Church members meet with Ukrainian president

Christians who help at-risk kids in Eastern Europe are part of a delegation on Ukraine's National Adoption Day.

Christians who have dedicated their lives to serving orphans and at-risk children had the ear of Ukrainian President Volodymyr Zelenskiy on Monday.

Andrew and Jenny Kelly, who oversee Jeremiah’s Hope Inc., a ministry supported by Churches of Christ, were one of about 20 couples invited to meet with the Eastern European nation’s leader on Ukraine’s National Adoption Day.

Andrew and Jenny Kelly with Ukrainian President Volodymyr Zelenskiy.

Andrew Kelly speaks about adoption and care for orphans during his visit with Ukrainian President Andrew and Jenny Kelly with Ukrainian President Volodymyr Zelenskiy.

Zelenskiy asked his guests for input on how the nation can better serve children in need of a home and loving parents. During the visit, he encouraged the couples to write down their ideas and instructed the country’s Minister of Social Policy to review the submissions and formulate a response within a month, Andrew Kelly said.

“He seemed to be a genuine man,” Andrew Kelly said, “who truly desires to see change and reform in the areas pertaining to the care and rights of orphans.”

Ukrainian President Volodymyr Zelenskiy

Ukrainian President Volodymyr Zelenskiy

In recent weeks, Zelenskiy has been the focus of unwanted media attention for his now-infamous phone call with U.S. President Donald Trump.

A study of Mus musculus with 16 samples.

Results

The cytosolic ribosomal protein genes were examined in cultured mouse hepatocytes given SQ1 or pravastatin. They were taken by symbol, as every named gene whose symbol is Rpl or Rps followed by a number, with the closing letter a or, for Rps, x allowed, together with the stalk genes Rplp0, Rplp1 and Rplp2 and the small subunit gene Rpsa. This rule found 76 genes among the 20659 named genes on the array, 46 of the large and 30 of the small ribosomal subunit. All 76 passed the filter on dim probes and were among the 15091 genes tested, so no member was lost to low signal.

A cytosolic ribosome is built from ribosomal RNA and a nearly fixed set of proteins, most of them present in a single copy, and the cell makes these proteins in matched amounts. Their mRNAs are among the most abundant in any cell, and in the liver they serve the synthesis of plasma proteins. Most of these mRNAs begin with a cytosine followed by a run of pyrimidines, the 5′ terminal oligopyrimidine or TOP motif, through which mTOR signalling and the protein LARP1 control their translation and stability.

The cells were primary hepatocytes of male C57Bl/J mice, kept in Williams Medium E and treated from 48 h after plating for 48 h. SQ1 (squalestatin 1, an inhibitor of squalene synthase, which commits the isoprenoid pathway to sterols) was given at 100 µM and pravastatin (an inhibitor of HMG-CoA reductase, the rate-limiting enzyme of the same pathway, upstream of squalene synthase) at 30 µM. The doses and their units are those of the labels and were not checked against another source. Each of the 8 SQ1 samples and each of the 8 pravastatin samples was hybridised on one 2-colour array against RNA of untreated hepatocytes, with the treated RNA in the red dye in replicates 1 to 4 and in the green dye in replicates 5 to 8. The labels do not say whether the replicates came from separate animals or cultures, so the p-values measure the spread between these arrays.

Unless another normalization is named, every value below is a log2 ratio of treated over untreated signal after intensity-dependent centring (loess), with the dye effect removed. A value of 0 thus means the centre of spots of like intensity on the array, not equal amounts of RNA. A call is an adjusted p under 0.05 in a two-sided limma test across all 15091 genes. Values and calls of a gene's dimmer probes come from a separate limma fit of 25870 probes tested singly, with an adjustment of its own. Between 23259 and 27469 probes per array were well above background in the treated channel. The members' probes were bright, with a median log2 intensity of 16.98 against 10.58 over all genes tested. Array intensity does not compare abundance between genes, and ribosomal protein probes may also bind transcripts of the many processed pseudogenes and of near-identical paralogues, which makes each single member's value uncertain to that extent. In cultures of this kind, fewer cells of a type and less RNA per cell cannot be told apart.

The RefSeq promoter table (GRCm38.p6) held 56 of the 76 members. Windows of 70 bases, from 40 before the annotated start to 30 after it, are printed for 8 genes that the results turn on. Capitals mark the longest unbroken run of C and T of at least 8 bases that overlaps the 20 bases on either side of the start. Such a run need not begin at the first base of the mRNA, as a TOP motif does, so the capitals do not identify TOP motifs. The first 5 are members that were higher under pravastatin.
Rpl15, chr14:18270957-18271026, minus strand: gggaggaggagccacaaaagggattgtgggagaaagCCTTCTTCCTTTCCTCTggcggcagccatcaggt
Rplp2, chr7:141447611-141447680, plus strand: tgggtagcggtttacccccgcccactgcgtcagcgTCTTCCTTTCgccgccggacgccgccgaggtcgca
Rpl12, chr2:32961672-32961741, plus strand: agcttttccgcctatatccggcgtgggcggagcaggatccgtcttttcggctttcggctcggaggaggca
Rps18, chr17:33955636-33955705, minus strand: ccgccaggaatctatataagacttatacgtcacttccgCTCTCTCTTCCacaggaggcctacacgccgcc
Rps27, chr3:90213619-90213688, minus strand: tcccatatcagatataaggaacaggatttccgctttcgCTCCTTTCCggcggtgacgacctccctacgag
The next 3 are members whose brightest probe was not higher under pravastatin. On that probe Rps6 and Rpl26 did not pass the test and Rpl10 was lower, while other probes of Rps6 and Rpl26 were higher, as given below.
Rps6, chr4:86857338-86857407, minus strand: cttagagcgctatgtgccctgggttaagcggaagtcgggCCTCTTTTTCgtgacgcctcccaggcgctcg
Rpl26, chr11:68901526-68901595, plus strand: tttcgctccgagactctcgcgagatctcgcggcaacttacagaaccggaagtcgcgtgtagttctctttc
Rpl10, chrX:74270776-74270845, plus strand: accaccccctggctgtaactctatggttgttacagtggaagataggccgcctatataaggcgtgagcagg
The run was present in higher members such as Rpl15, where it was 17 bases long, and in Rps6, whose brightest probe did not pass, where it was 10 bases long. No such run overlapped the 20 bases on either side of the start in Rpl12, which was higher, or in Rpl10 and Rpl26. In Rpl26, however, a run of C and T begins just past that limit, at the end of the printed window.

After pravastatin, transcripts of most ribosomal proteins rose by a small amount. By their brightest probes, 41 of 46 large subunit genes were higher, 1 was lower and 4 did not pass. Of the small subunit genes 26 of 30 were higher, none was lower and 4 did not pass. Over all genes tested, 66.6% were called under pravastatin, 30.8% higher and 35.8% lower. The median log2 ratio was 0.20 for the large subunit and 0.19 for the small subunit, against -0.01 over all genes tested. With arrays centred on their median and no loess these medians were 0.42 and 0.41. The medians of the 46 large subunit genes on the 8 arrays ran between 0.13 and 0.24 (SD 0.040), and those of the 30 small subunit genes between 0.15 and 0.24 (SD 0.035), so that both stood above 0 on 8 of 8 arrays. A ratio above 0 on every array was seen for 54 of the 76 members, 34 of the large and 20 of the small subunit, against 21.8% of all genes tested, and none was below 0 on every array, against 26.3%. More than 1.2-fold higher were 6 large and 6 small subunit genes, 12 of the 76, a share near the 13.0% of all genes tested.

Elected in April, Zelenskiy took an unusual, somewhat-surreal route into politics. Before running for office, the Ukrainian actor, comedian and screenwriter starred in “Servant of the People,” a TV show in which he portrayed a high school history teacher who unexpectedly was elected president.

On the same day he met with the Kellys, Zelenskiy also met with actor Tom Cruise about the possibility of filming in Ukraine.

Andrew Kelly said of Zelenskiy, “I was impressed by his knowledge, his English and his desire to help the children of his nation.”

Ukraine, which declared independence from the Soviet Union in 1991, has endured tumultuous and destabilizing conflicts in the past five years. In 2014, Russia annexed the country’s Crimean Peninsula and pro-Russian separatists in eastern Ukraine began a long and bloody conflict with the Ukrainian military. Refugees, many of them children, fled to central and western Ukraine.

Andrew Kelly, a graduate of Abilene Christian University in Texas, and fellow missionary Steve Taliaferro launched Jeremiah’s Hope in 2003 to serve orphans in eastern Ukraine. The ministry later moved to a campsite in Kolentsi, a village about an hour south of Chernobyl, site of the catastrophic Soviet Union nuclear power plant disaster in 1986.



In addition to helping children from broken homes, Jeremiah’s Hope has housed hundreds of Ukrainians fleeing the conflict in the east.

“They’re looking for something to hope in,” Jenny Kelly said during a 2015 interview with The Christian Chronicle. “If the church doesn’t step in and meet the needs, they’re going to look somewhere else.”

Andrew and Jenny Kelly with Ukraine's First Lady Elena Zelenskiy.

Andrew and Jenny Kelly with Ukraine’s First Lady Elena Zelenskiy.

The Kellys were invited to meet with Zelenskiy, in part, to share experiences from their two-year fight to adopt two of the children they’ve cared for — both refugees from the eastern Ukrainian city of Luhansk.

“We are Permanent Residents of Ukraine, but (also) U.S. citizens,” Andrew Kelly said, “and the laws on adoption are either for Ukrainians or Americans.”

There are no specific laws that address the Kellys’ status, he added, “so we have been blazing a trail to get greater clarification and, possibly, new legislation.”

He said he was encouraged by the Ukrainian president’s concern for children — and “humbled that God allowed us this platform to advocate for the orphans.”